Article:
The term order fulfilment is understood to mean the complete process from point of sales inquiry to delivery of a product to the customer, but inventory planning, replenishment and forecasting become major challenges for companies, because the marketplace becomes more complex and demand is fluctuating. Regarding to the retail industry, the fluctuating demand of customers often results in tonnes of wasted food as supermarkets fail to forecast the actual demand of their customers. The production time can vary significantly from product to product, because it depends on various factors and external events, such as weather and holidays and the changing in customer behaviour. Let us take a look at what companies are currently doing to tackle these challenges.

Challenges

The most common models are built to react on actions. This means that the product is often designed and built to customer specifications. Discrepancy between the sales forecast and the actual demand (forecast error) is frequently the consequence. As mentioned in the introduction, long term problems as food wastage are the results of this bad planning.

The digital transformation is often associated with positive impacts on various industries, but multichannel supply chains also means that different channels using different processes, databases and systems. This creates fragmented operations, making it hard to forecast demand of customers and clarifies that another model is essential for companies across various industries to compete with Amazon.

Why proactive?

The goal for retailers should be to shift from a reactive approach to inventory planning, replenishment and forecasting to a proactive one. This enables retailers a more accurate forecasting better understanding of the customer’s needs. A reactive model means that retailers only react on changes in consumer behaviour and waste time, products and money.

Examples of how companies are currently implementing proactive models in their strategy are rare, despite the cultural change in our society and the fluctuating demand and trust in retailers. Amazon is the best example to show how companies are implementing forecasting methods extremely successfully. Amazon knows what, where and when customers want to buy and are oriented towards their needs.

Hal Mather, a successful author and manufacturing expert, suggested the improvement of the forecasting accuracy, provision of flexibility and the building of a process to recognise forecasting errors and quickly correct production planning. Now blockchain technology offers a way to connect these disparate parts and the reasons are obvious. Data is available in real time and this helps businesses to improve their inventory planning and replenishment in the supply chain.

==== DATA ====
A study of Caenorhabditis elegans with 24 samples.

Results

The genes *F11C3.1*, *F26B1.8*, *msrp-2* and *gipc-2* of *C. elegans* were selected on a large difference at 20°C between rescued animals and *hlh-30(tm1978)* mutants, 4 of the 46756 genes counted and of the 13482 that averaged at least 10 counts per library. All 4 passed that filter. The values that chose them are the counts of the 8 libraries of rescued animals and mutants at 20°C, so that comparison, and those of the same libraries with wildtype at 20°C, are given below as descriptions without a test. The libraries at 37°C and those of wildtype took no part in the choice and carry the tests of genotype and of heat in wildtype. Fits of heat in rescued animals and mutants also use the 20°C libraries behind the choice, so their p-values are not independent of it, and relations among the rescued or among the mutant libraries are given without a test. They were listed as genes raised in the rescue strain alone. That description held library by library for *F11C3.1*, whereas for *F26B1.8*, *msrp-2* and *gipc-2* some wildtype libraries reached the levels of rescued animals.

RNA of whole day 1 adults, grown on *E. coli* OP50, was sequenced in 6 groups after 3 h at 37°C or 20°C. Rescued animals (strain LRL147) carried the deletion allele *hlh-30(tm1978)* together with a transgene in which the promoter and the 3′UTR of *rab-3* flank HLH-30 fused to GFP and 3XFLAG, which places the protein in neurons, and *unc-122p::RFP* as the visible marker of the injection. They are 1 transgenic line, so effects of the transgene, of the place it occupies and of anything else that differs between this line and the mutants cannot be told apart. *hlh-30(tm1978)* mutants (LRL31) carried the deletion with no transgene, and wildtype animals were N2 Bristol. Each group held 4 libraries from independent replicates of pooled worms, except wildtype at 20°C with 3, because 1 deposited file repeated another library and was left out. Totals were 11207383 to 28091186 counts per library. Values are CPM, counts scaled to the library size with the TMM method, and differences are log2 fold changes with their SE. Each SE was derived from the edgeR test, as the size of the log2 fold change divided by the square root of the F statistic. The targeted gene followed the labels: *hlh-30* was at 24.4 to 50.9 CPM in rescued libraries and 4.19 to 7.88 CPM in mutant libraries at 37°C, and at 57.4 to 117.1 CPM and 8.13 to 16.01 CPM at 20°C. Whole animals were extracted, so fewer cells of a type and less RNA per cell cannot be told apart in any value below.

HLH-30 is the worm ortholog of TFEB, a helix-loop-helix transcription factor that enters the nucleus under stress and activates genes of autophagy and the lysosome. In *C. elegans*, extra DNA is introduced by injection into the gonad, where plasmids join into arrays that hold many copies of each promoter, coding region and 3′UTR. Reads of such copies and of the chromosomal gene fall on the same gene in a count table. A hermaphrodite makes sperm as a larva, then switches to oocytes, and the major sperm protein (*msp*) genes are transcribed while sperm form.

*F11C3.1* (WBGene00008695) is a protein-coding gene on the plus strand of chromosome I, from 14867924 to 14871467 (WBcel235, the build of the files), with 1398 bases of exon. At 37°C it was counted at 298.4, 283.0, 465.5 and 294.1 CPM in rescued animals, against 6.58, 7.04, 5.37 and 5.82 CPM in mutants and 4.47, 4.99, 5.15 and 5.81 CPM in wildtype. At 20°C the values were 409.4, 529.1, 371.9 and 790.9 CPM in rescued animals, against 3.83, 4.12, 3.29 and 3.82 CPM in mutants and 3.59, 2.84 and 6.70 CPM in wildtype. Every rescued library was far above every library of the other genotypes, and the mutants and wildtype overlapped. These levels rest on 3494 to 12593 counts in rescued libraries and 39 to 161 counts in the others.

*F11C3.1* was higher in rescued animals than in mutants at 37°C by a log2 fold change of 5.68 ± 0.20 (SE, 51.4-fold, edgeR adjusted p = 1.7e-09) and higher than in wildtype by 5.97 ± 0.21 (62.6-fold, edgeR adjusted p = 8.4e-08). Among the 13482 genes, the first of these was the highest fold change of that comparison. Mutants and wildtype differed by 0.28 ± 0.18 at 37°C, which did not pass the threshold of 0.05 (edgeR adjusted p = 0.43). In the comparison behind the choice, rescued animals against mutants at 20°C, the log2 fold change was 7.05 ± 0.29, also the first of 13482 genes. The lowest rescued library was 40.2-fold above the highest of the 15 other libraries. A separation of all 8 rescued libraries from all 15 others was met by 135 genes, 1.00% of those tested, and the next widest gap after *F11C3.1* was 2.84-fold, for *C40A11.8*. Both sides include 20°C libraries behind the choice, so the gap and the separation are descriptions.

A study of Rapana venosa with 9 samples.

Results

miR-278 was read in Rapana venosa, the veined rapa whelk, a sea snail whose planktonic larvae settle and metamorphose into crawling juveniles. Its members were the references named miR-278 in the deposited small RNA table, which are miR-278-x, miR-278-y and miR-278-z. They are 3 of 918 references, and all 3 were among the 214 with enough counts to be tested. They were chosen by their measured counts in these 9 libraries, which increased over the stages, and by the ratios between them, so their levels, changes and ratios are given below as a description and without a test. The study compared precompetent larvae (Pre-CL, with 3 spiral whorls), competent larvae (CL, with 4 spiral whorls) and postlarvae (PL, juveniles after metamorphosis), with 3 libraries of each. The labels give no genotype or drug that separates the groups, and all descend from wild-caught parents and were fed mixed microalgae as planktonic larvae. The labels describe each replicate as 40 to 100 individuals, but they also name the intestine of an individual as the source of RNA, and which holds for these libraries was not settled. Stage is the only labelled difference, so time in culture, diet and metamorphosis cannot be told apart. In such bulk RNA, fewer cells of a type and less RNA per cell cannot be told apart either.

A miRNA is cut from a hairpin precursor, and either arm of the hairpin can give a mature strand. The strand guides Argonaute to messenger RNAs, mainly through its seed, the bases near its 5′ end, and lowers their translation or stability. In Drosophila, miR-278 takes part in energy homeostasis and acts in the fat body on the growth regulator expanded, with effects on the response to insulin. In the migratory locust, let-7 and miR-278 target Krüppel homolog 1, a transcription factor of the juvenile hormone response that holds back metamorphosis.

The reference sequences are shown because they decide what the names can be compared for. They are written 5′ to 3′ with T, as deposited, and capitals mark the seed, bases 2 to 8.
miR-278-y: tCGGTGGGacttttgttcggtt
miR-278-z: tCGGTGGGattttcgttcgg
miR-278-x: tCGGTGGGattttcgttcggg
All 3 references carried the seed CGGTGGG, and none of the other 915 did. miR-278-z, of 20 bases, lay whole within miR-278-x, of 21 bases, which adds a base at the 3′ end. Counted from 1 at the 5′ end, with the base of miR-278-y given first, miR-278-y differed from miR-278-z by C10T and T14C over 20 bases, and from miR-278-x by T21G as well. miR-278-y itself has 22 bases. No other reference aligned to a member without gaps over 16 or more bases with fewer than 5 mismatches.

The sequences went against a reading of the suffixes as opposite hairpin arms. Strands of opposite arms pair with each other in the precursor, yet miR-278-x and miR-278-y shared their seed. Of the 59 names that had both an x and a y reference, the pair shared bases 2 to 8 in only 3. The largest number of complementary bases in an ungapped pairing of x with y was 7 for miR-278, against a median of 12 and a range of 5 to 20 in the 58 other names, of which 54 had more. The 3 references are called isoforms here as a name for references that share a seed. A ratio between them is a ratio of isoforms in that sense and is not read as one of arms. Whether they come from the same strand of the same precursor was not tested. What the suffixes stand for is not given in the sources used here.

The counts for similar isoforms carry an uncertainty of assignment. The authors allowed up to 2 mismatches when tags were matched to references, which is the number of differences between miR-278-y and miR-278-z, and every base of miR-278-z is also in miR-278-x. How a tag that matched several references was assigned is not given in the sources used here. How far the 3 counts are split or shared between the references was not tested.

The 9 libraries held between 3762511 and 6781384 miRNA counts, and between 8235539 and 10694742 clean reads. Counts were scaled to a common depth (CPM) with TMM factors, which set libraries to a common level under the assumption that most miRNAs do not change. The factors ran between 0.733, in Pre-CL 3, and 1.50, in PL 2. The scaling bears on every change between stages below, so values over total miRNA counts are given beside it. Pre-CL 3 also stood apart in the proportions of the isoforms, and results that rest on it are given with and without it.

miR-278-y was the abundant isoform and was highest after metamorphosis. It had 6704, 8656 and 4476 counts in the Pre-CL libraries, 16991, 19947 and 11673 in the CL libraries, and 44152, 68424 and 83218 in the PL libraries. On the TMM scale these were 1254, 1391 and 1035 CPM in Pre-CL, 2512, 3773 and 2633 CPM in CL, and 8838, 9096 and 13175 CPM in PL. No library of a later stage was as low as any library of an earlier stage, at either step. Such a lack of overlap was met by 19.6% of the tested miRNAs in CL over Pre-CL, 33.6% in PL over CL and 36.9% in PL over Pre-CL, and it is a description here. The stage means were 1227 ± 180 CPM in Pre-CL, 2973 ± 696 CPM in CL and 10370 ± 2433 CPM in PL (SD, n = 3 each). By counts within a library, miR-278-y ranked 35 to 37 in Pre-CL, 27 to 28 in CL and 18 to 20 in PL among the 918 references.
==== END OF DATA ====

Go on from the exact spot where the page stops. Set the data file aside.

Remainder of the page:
The adoption of blockchain in the supply chain is now about 5% but is projected to rise to 54% over the next five years and the benefits are obvious, as companies can thereby optimise manufacturing planning and forecasting based on demand, rather than simply react to inventory stockouts.

Companies can ensure that they always have the right types of SKUs and amount of stock in their warehouses and there are much more benefits for companies like Amazon. As mentioned before, a proactive model has environmental benefits for all of us, because less food is be thrown away, but wasted food is also an indicator of bad planning and results in goods that can’t be sold to target customers. From a long-term perspective, bad inventory planning causes a customer fleeing, as customers can’t find products they want to buy.

Conclusion

When it comes to inventory planning and replenishment, reactive order fulfilment is a widely used model. This means that companies are always one step behind the curve. Demand rises, so they increase production and output. Items run out of stock, so they send more goods to fulfilment centres. Help is approaching: A proactive model enables companies the possibilities to connect the process chains and improve the supply chain management and the long-term benefits are obvious, as this enables retailers to tackle the major problem of food wastage, improve their business with a more effective inventory management and build a better relationship to their customers with focussing on their needs.